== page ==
I hope the following is not a confabulation, but I think I recall reading last spring that a couple of political scientists published a study suggesting that 17% of voters say they shape their votes based on warrants, i.e. reasons and evidence. For purposes of this post, it matters little if the correct number is 34%.
George Lakoff has repeatedly failed to convince Democratic politicians to focus their campaigns on idealized family values and an awareness of the power of cognitive biases. See his Moral Politics. This failure is entirely understandable when we think of the emphasis by educators on building and respecting rational structures. Whether out of ignorance for the way most people think or wishful thinking about how educators hope most people will evolve, educators tend to teach as if their efforts are part of a necessary and successful project to enhance appreciation for the essential role of reasons and evidence in human thought. Entire disciplines assume that humans are naturally rational or at least on the way to a deep respect for an epistemology reliant on relevant and dependable warrants. In other words, the process of acquiring the architecture of rationality in school may have the effect of creating loyalty to that epistemology that damages the ability to realize how few people–a distinct minority–decide votes based on analysis of the logic, narrative, and systematic perceptions propping up particular policy preferences.
Thus when Lakoff’s counsel is rejected, it may be because those receiving the advice refuse to think that most voters are responding to core metaphors, cultural analogies, fuzzy abstractions, and tone of the candidates. (I leave to someone else to explain why right wing candidates often appear to appreciate the power of the visceral and the symbolic in moving voters.) Then when he starts talking about cognitive biases, he is thereby denigrating the ideals of Jeffersonian democracy, and that denigration is so replete with ugly implications about typical voters that Lakoff has lost his audience.
Imagine the impact on our educational system and political strategizing were we to come to grips with the minds of most voters. Let’s look at a single cognitive bias as an illustration. Elizabeth Kolbot in a 2-27-17 article in the New Yorker tries to answer the question “Why Facts Don’t Change Our Minds?”. (In what follows I do not want to fall victim to exaggerating the meaning of a cognitive bias. The biases are proclivities, not always-and-ever explanations for our behavior.)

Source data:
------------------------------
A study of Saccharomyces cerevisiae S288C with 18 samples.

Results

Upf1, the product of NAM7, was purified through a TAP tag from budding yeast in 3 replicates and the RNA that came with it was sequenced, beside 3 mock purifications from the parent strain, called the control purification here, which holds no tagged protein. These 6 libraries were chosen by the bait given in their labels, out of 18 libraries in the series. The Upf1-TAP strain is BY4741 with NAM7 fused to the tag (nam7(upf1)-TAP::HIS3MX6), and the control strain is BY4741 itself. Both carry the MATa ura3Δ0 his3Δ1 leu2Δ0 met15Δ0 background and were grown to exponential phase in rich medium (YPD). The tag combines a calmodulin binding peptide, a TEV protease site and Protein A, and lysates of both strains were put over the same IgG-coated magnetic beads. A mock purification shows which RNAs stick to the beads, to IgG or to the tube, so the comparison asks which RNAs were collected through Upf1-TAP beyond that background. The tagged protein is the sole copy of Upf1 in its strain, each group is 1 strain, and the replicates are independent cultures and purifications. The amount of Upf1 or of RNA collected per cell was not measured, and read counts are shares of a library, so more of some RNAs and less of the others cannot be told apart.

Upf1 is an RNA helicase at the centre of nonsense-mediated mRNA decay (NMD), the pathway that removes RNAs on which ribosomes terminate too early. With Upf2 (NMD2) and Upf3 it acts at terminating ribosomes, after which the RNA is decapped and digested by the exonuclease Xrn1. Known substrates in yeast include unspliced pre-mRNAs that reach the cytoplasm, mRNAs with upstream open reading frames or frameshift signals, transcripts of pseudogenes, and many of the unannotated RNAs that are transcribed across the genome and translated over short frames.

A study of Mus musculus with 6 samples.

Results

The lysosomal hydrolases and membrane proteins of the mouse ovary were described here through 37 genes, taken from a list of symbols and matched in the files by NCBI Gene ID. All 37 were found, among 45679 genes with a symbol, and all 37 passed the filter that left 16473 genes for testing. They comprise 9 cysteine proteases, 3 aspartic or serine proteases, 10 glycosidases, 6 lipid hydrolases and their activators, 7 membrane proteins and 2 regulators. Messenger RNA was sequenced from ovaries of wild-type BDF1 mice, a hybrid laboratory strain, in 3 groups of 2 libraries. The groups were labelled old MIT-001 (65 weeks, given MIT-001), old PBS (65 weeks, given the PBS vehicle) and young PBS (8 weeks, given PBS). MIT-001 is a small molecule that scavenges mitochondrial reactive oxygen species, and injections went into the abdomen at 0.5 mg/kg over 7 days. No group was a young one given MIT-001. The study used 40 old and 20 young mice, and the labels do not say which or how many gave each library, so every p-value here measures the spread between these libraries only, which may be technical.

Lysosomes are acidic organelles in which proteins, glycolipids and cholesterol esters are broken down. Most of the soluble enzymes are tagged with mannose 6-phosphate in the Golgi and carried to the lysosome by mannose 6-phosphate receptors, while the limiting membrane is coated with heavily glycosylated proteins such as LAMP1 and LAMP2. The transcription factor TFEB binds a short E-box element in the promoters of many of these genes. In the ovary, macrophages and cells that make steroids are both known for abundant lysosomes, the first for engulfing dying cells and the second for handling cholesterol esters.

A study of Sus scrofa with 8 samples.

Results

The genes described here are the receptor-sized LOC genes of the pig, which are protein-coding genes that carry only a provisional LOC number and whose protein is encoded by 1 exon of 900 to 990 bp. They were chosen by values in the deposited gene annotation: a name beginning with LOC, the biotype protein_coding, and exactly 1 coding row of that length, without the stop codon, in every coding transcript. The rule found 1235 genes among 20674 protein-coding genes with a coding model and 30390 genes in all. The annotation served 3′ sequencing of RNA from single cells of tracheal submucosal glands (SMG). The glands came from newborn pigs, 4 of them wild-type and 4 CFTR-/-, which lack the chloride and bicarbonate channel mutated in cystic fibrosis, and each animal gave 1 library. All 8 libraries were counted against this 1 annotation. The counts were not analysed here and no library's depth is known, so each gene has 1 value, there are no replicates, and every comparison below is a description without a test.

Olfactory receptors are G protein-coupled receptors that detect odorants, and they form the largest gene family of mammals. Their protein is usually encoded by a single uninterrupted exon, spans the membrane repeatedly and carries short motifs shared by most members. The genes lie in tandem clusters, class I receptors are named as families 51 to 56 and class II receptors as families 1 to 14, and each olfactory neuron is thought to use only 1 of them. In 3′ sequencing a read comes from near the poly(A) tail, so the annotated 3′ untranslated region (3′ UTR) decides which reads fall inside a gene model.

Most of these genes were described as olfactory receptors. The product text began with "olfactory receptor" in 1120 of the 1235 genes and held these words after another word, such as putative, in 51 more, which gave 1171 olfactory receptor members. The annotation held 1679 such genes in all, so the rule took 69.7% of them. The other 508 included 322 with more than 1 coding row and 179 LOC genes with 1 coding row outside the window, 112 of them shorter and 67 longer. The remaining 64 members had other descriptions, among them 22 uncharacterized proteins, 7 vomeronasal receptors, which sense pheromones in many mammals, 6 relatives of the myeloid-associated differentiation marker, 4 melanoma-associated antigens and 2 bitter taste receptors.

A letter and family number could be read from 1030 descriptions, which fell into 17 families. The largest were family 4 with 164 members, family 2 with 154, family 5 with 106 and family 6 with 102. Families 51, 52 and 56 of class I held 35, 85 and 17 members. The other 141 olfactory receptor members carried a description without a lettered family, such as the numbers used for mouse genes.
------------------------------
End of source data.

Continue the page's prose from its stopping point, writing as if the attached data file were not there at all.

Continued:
I want to summarize her argument with a story. I asked one of my students to make a huge list of putative cognitive biases. I recall his asking me after compiling an enormous list, “Should I coalesce all of the many biases that seem to fall under the rubric of ‘Egotism’?” I think the more evocative categorization would be “Egotism Run Amuck.”
Many of us are very familiar with the power and frequency of confirmation bias. Then there are its close cousins:
- “myside bias” which prevents me from applying the same intellectual standards to my arguments that I have learned to deploy when encountering the arguments of others, should they have the audacity to differ from mine and
- “the illusion of explanatory depth” See the Dunning-Kruger Effect.
To coin a term, our thinking suffers often from a “Self-fascination Effect.” Sloman and Fernbach in The Knowledge Illusion provide many illustrations of experimental scenarios in which our egotism pushes us to claim that we possess knowledge that vastly exceeds what we actually possess. The example that stood out for me was their demonstration that even some of the more simple things in our world are little understood. We think we know about zippers and toilets, but when asked to describe how they work, our knowledge typically does not exceed that of the neighborhood 7-year old.
As a teacher, I interpret their work as saying that until the knowledge illusion is disrupted, the learner feels little inclination to engage with lifelong learning in any form. My own experience trying to teach critical thinking is that I must spend a distressing amount of time showing my students that their knowledge of careful thinking is puny. They do not want to hear such a thing, and I get no thrill in conveying that awareness. But I do not have much hope of enhancing their method of thinking in the absence of that prefatory intervention.
To finish as I began, I have no idea what a politician is supposed to do if the knowledge illusion is rampant among voters. But politicians must work with the voters they have, not the voters we wish they were. Consequently, seeking their votes probably requires successful candidates to engage the passions and fears of those they wish to represent. Doing so may be inconsistent with the assumptions of many of their teachers. But then how many of that cohort do you see as electable outside of California?